Communication Protocols: An Introductory Overview

Communication Protocols: An Introductory Overview

Katalin Tarnay (University of Pannonia, Hungary & Budapest University of Technology and Economics, Hungary) and Gusztáv Adamis (Budapest University of Technology and Economics, Hungary)
DOI: 10.4018/978-1-60960-732-6.ch001

The increasing importance of fast and reliable communication has resulted in the creation of certain communication rules, which nowadays, we call communication protocols. In this chapter, a historical overview of early protocol development and deployment is presented as a look-back to the evolution of communication protocols. Then we introduce the most important terms and notions of the protocol theory. To make it easier to understand these concepts, we use the INRES protocol as demonstration tool. In the next topic, we summarize the steps of the protocol engineering. At the end of the chapter, we give some guidelines for protocol classification.

This chapter provides an introduction into the world of protocols: the communication rules which are responsible for controlling various communication services. Communication rules are presented by introducing syntax (what sort of notation is used, what are the names of the messages, how the messages are structured, what are the components of the messages), semantics (what kind of messages are sent and expected as response in certain situations), and temporal rules (a strict and limited timing aspect, the encoded lifetime of every message sent). The author also presents various protocol classification methods, based on different points of view.

If we want to exactly determine the behavior of a living or a lifeless system, the interactions have to be in the center of our examinations, because actions and reactions follow each other. The communication protocols specify the rules and laws describing the interactions of computer, telecommunication, industrial etc. networks. It is very important to note that the protocols in this chapter always refer to communication protocols.

The notion of protocol was simultaneously used in 1967 in two networks, in the Advanced Research Projects Agency Network (ARPANET) and in the National Physical Laboratory Network (NPL-NET). NPL-NET was designed to elaborate physical data transmission and evaluation, and it was operating in Daresbury, United Kingdom. ARPANET, which came into general use in the United States, was created to handle communications among computer users. Both systems implemented a revolutionary method for data communication called packet switching, the transmission of data streams, which were composed of messages with unified lengths. Using the packet switching method, the size of the data packages could be set to require only an average store capacity in the node. Then the packet could be forwarded so it would not occupy the whole dedicated route but only a path between two nodes following each other. After various modifications and fine-tuning of the network itself, the descendant of ARPANET first mentioned as Internet in 1974, became used worldwide. Communication via the Internet is realized by a set of protocols called the Internet Protocol Suite also known as the Transmission Control Protocol/Internet Protocol (TCP/IP) stack, specified by the Internet Engineering Task Force (IETF).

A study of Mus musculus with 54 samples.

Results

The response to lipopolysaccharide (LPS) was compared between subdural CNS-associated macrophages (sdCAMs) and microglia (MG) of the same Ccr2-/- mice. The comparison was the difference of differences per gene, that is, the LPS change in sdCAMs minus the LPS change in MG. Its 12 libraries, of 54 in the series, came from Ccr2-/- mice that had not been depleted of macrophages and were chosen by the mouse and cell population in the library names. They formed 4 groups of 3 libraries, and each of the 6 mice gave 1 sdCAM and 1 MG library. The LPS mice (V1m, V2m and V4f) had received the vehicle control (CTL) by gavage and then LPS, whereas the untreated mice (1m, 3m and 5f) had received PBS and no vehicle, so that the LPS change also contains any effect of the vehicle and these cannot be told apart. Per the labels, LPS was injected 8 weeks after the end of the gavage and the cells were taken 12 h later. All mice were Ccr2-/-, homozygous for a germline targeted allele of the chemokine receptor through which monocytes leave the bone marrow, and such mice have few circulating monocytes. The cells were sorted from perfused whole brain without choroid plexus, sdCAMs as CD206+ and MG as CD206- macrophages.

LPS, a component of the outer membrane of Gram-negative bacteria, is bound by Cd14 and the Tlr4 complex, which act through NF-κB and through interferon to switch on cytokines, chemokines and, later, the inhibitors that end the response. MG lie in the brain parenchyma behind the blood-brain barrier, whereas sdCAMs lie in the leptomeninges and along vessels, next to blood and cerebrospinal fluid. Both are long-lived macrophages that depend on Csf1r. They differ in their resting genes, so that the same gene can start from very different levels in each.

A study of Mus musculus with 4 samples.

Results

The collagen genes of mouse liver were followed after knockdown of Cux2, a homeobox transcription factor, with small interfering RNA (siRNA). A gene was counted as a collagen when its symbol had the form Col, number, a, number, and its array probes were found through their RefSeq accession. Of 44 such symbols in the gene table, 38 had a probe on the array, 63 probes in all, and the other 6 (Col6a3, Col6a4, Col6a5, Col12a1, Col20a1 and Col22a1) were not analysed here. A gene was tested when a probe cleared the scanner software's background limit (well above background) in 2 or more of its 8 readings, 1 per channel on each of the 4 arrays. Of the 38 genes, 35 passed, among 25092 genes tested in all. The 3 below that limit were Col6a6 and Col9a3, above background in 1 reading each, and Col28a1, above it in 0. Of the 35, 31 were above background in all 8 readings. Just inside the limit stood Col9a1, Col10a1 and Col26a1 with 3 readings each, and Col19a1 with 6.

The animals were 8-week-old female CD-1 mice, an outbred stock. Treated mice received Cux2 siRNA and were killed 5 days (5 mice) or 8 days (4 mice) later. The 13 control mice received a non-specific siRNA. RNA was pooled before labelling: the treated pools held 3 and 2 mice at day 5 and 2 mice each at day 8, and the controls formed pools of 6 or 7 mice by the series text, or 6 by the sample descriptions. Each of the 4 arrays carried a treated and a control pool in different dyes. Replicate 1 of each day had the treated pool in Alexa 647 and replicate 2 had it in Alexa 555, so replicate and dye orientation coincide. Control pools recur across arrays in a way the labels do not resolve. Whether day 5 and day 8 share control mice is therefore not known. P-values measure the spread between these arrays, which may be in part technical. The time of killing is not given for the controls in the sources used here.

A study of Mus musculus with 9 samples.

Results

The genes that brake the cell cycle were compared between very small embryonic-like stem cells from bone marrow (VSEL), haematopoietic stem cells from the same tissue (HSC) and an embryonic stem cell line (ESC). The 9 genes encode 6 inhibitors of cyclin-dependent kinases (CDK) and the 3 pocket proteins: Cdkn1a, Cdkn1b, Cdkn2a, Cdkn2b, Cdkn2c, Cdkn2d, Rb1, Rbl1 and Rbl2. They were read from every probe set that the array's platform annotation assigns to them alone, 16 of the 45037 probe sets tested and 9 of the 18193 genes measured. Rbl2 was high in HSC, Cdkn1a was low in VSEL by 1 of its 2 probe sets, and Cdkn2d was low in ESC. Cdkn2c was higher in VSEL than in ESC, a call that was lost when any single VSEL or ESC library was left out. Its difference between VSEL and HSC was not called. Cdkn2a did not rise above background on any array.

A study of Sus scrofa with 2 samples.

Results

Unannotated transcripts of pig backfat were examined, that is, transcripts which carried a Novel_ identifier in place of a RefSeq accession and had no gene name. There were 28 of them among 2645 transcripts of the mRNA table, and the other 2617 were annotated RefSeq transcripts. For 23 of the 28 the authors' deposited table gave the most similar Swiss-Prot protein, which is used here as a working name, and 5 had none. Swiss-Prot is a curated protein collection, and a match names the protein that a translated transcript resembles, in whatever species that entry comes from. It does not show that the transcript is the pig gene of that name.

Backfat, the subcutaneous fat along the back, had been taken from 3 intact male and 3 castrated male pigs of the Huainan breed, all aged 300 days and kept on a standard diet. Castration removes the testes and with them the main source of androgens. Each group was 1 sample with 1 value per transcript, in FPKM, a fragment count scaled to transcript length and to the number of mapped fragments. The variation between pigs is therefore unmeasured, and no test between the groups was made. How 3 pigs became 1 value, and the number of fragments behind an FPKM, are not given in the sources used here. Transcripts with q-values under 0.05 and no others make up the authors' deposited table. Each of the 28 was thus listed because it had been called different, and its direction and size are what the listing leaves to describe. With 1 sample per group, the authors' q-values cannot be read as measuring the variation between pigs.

The NPL protocols referred to the reference model of the Open System Interconnection (OSI) determined by the International Organization for Standardization (ISO). Based on the experience of working with the NPL protocols, the European Organization Conseil Européenne pour la Recherche Nucléaire (CERN) developed the World Wide Web (WWW) in 1992. The basic protocol component of the Web is the Hypertext Transfer Protocol (HTTP) providing excellent searching and browsing possibilities (Buchanan, 1999; Davies et. al. 1982).

The main reason why the use of computer networks and communication protocols became widespread is the coexistence of the Internet and the Web. Nowadays the Internet and the Web are used together.

The importance of protocols is considerably growing because of the so-called information boom. This concept concerns both the personal communication and the industrial processes. The computers and computer networks play an important role in our everyday life and they are also important in several areas, such as online libraries and dictionaries, mass production, computer-aided planning, e-business and e-learning, web trading, the stock exchange, advertisements, sensor networks, the GPS, and even the CERN fusion reactor.

In this chapter, an introductory overview is given about the basic syntactic, semantic, and temporal rules of protocol operation.

This chapter consists of four subchapters. After the introduction, the first subchapter contains a historical overview of communication protocols. First the optical semaphore system developed in the Napoleonic times is presented, then it is illustrated how the evolution of Internet and NPL protocols took place starting from basic physical measurements and gradually developing into very complex communication systems.

The second subchapter discusses the syntactic, semantic, and temporal rules of operation and specifies the qualitative and quantitative protocol parameters and features. The INRES protocol is used to illustrate the protocol operation.